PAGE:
By Claire Kokoska
Oct. 5 marked the first day of Pope Francis’ Extraordinary Synod of Bishops at the Vatican in Rome.
Roughly 150 bishops met for two weeks to discuss matters of the family such as abortion, artificial contraception, divorce, birth control, premarital sex, cohabitation and gay marriage.
The tensions between doctrine, spiritual inclusion and compassion are central at the most recent synod.
The Church officially condemns divorce or remarriage without an annulment.
Should it now allow for divorced or remarried individuals taking communion?
Must the Church adjust its traditional and long-standing stances on gay marriage and civil unions, premarital sex, cohabitation, birth control and so on because the world is undergoing a social revolution of its own?
Austrian Cardinal Christoph Schönborn told New York Times reporters that the discussion of family matters in the synod resembled a scenario where the mother says, “It’s too dangerous,” whereas the father says, “Go ahead, don’t be afraid.”
There is clear disagreement among the synod fathers.
The more conservative fathers would prefer no change, while the more liberal fathers will not support anything short of great change.
In one example of the unresolved disagreement, Pope Francis opened the synod with a speech noting the importance of the Catholic Church’s commitment to showing love and compassion to all people.
In the original English translation of the Italian transcript, Pope Francies stated, “Homosexuals have gifts and qualities to offer to the Christian community,” and asked, “Are we capable of welcoming these people, guaranteeing to them a fraternal space in our communities?”
However, in a more recent version of the English translation, the term “welcoming” was downgraded to “providing for” because the original translation seemed too much a deviation from the official Catholic stance.
American Cardinal Raymond Leo Burke spoke to reporters of the Italian newspaper, Il Foglio, speaking of the “worrying tendencies” within the synod due to the “possibility of adopting a practice that deviates from the truth of the faith.”
This synod is only the third to have been organized since 1965 when Pope Paul VI reinstituted synods. The last meeting of this type was in 1985.
Many have likened this year’s gathering to Pope Paul VI’s landmark Second Vatican Council, known as Vatican II, which took place between October 1962 and December 1965.
Among many other changes, the historic Vatican II brought about the decision to stop conducting the Holy Mass in Latin, in favor of using vernacular languages.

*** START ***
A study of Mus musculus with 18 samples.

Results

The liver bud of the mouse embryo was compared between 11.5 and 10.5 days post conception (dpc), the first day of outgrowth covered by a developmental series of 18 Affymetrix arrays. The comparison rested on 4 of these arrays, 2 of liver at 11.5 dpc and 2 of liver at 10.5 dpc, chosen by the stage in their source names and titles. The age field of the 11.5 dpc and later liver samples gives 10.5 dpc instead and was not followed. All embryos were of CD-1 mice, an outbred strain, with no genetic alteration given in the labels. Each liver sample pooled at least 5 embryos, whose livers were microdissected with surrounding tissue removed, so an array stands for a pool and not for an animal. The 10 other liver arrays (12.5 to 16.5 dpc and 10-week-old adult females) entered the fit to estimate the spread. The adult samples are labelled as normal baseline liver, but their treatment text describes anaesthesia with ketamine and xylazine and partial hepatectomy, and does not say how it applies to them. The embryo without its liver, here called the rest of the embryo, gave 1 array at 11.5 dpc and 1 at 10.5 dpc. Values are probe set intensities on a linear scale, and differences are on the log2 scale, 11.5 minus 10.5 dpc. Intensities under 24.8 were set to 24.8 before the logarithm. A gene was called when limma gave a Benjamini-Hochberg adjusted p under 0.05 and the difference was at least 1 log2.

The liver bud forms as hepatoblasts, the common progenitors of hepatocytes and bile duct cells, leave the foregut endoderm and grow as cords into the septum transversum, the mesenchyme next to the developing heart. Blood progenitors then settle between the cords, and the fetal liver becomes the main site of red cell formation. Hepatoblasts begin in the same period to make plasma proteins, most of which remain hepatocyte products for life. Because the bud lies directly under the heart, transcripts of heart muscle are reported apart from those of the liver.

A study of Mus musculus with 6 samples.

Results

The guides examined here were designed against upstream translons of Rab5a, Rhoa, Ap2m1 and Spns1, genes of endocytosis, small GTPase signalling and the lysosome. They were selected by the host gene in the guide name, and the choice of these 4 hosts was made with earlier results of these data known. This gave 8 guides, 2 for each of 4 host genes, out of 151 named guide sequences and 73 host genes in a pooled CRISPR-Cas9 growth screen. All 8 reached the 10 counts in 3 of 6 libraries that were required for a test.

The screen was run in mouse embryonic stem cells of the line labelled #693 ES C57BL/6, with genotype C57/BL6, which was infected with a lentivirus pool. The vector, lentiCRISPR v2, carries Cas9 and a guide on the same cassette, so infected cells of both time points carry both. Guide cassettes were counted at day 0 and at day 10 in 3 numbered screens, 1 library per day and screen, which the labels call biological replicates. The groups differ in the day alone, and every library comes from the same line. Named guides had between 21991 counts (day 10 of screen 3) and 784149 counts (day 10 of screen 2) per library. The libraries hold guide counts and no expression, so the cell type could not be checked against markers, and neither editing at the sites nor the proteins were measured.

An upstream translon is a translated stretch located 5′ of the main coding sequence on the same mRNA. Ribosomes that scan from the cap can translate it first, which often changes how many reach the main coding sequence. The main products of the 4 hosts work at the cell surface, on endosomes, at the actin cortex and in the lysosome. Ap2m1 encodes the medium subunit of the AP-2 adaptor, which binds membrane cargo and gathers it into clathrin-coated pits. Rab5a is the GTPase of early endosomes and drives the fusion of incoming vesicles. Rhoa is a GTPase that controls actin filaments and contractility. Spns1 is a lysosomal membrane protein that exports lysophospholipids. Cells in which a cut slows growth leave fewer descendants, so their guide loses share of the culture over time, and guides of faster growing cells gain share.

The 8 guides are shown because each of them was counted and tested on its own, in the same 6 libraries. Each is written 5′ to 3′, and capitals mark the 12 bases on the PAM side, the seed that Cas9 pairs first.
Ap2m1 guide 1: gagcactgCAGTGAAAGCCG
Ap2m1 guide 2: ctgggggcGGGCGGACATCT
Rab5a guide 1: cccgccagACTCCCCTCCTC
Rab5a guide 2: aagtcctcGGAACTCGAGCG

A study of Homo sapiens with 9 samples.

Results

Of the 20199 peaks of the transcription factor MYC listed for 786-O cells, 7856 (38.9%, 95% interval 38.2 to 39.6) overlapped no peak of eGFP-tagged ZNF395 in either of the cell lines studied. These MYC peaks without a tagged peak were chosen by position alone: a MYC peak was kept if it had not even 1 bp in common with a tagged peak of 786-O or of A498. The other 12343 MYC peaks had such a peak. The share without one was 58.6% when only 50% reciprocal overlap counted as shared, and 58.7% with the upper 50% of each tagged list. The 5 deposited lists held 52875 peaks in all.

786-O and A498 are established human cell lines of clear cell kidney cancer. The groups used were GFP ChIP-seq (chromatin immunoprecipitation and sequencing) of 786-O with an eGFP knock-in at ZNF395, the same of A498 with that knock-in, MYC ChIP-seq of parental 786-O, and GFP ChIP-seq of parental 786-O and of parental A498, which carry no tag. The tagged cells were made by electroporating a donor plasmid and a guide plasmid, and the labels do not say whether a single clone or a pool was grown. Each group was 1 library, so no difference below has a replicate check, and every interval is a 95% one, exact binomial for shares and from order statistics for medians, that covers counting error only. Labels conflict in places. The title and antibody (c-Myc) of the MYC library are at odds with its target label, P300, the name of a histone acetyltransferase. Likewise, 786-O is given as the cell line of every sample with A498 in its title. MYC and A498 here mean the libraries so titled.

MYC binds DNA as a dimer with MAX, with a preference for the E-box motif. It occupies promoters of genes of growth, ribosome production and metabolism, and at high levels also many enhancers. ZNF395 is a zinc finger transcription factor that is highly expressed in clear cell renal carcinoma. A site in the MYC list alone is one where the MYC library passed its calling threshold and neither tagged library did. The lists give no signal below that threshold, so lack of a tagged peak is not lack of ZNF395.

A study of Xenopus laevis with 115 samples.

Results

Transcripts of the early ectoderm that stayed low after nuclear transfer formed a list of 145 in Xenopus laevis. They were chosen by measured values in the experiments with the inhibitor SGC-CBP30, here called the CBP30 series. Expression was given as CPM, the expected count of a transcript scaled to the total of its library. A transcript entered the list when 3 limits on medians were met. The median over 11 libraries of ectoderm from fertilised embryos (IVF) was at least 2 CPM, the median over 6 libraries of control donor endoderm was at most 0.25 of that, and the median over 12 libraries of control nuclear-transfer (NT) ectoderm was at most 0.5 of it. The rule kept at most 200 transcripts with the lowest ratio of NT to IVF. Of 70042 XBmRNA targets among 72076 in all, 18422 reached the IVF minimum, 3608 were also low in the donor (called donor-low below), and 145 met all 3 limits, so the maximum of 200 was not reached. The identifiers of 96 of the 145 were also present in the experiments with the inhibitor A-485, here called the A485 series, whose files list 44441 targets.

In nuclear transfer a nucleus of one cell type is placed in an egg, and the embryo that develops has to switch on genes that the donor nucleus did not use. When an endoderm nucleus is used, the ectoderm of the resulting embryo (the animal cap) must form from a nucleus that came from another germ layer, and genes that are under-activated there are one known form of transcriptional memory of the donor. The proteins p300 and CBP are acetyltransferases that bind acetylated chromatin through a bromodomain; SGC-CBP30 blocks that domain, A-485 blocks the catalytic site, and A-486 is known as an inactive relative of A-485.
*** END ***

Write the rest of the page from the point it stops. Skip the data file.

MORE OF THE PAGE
For centuries, the Catholic Church and its doctrine upheld that Latin was a pure, holy language of God, and any shift toward the language of the common man would pollute the word of God.
Dr. Christopher Baglow of the Notre Dame Seminary explained: “Vatican II isn’t about replacing what the church is. It’s about helping it be more vitally what God intended it to be in the first place.”
The courageous and highly controversial decision to break from doctrine and the historical commitment to Latin made Catholisim accessible to the lay practitioner.
It allowed the common individual to be included and engaged. Casting aside a staple of the religion since its inception was no doubt difficult, but I doubt that anyone could deny the benefits of this major move towards spiritual inclusion.
Pope Francis has stated that the “the church sometimes has locked itself up in small things, in small-minded rules.”
There is a fear that without the rules, rigid as they can be, the Church will be diminished as a spiritual institution and stray further from God’s path.
The Extraordinary Synod of Bishops concluded on Oct. 19 with no official consensus on the issues that were discussed.
Though no tangible change has occurred yet, I believe that the conversation that has been encouraged by Pope Francis is only the beginning of a greater push for compassionately welcoming all people.
Historically, the Church has evolved its stance on the rights of women and people of color, among other, more minor changes in the doctrine of how to perform mass and ceremonies.
I am not a Catholic myself, but I can respect the reluctance to change.
However, Vatican II is evidence that the Church can evolve without giving up its constitutive beliefs and practices.
One’s sexual orientation, marital status, sexual history or decision to use contraception does not diminish one’s worth as a human being.
As such, I fully commend Pope Francis’ message and mission to “respect the dignity of every person.”